By Scott Messenger / Photographs by Jessica Fern Facette
As kids funnel into the cafeteria of the Ben Calf Robe-St. Clare school, Scott Ward is uncharacteristically flustered, even if he doesn’t show it. He’s waiting calmly at one end of the boxy, beige room, repeatedly flipping and catching a cordless microphone with one hand, his dark, short hair gelled back, his blue shirt traditionally decorated with red and white ribbons dangling from the back and sleeves.
Ward is standing beside a row of chairs for volunteers he hopes to pull from his audience, the 40 or so aboriginal junior high students who attend this northeast Edmonton school for its focus on native spirituality and culture. But filling those seats won’t be easy. For one thing, the audience is rather small – which wouldn’t be so bad if Ward had the chance to handpick his subjects, like usual. No such luck. Of the group sitting cross-legged and antsy on the hardwood before him, only seven returned parent-signed permission slips letting them participate in today’s show. So he seats them and two reluctant teachers, then gets on with it. He introduces himself to the students and declares that he’s a hypnotist, adding, when their chatter diminishes slightly, “like Criss Angel,” a young American Goth-styled illusionist the kids might know from TV or YouTube.
At least one does. “He’s the antichrist!” a young girl shouts.
“Huh?” responds Ward. He quickly checks a look of shock and mild confusion, masking it with cool confidence. The show, of course, must go on.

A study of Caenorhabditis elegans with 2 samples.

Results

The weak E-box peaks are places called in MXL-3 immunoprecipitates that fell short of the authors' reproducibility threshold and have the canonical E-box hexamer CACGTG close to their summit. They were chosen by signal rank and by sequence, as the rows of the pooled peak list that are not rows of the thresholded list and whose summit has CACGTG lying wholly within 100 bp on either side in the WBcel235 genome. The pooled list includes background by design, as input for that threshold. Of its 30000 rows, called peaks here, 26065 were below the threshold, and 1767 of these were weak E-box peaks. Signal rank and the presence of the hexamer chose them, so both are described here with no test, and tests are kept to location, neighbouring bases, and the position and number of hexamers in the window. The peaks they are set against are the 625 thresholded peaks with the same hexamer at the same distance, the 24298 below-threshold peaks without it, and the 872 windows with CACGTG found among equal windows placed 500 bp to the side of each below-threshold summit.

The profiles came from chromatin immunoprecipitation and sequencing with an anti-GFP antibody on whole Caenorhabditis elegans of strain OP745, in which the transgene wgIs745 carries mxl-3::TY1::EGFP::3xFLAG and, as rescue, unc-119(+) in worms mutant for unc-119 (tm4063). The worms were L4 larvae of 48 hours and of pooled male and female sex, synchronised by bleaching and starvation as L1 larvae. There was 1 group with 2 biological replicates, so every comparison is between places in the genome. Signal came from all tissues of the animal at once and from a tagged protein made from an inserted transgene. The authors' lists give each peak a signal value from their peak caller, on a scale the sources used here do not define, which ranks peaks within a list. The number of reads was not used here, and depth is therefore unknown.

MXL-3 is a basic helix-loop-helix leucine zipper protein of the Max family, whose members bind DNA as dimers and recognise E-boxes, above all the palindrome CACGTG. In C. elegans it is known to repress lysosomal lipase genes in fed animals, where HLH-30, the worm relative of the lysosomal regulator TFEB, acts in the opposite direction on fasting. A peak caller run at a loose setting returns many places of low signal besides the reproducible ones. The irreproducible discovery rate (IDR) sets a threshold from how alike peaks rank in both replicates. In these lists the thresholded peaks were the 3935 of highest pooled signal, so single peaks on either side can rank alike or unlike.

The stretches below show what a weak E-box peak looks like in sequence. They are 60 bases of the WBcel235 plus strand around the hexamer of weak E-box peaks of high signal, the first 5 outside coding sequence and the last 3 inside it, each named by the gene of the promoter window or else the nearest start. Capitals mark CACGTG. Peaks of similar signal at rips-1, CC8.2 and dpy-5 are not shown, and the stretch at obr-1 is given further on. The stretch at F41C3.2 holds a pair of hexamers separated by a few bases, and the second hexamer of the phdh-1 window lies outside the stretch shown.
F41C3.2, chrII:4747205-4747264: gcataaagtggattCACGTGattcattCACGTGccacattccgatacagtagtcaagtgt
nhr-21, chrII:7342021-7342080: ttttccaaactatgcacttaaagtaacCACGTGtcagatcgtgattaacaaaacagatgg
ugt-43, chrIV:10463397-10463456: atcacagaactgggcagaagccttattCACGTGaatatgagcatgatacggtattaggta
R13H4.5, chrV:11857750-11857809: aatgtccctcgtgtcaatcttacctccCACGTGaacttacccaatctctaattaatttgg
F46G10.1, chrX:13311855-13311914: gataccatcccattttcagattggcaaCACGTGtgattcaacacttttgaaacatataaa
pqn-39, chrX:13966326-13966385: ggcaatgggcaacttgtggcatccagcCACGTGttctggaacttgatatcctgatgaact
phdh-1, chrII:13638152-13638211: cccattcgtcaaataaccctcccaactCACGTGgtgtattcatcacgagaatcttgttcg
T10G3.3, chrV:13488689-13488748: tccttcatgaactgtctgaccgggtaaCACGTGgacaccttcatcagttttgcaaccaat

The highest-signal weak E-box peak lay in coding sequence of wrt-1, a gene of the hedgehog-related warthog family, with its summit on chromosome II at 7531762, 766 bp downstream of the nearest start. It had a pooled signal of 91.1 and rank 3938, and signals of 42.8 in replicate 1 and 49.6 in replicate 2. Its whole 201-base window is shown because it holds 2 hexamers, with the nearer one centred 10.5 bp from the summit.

While rough gigs are anomalies, it’s not unusual for Ward to walk into one with no idea of what to expect. Four days ago hewas in Winnipeg performing at an aboriginal health careers fair before a crowd of 70 that included government, industry and native rep-resentatives. There, after picking people who might respond best to a few suggestibility tricks (arms fall beneath imaginary weights, mouths salivate as hands squeeze juice from invisible lemons), he even managed to bend a couple of elders to his power of suggestion, convincing them they were late for line-cook jobs at McDonald’s.
But today at the school, success is sporadic. Ward gets most of the kids to kick off shoes teeming with unseen spiders; he gets one to forget her name. At the same time, though, one of the teachers refuses to impersonate Shania Twain, and a girl who’s proven rigidly immune to hypnotic suggestion joins the audience after a whispered word from Ward.
And still, the school show is actually the type he prefers. A teacher by training, Ward would probably still be one if he believed kids could rely on classroom curriculum alone to guide them past the pitfalls of youth – gangs, drugs, teen pregnancy, ennui – and into adulthood. Instead, he gave up the profession in 2006 for the long shot of a life on stage. Since then he’s travelled the continent, mostly via native reserves, conjuring up promising futures in young, subconscious minds. Luckily, it has proven to be an untapped entertainment market, one that he, as a 32-year-old aboriginal, has cornered.
And now, in the afternoon sunshine blanching the Ben Calf Robe cafeteria, Ward paces before his volunteers, their heads resting on neighbours’ shoulders, eyes closed. He’s turned serious.
“As a hypnotist,” he says, his cadence calming, “you can help people with their dreams and goals. I want you to know that any goal you have will come very easy to you, as you will work very hard to accomplish it.” He asks them to imagine a dream career. Hockey player. Nurse. Just finishing school. “Make it big and bright,” he commands. “Make it beautiful.”
On stage, a girl picks animatedly at her teeth – a future dentist, perhaps? But other than that, responses are subtle, like those of a boy at the end of the row, smiling, his hands twitching in a way that seems to betray consciousness. But maybe his current state of mind doesn’t matter. The important thing may simply be that he’s smiling.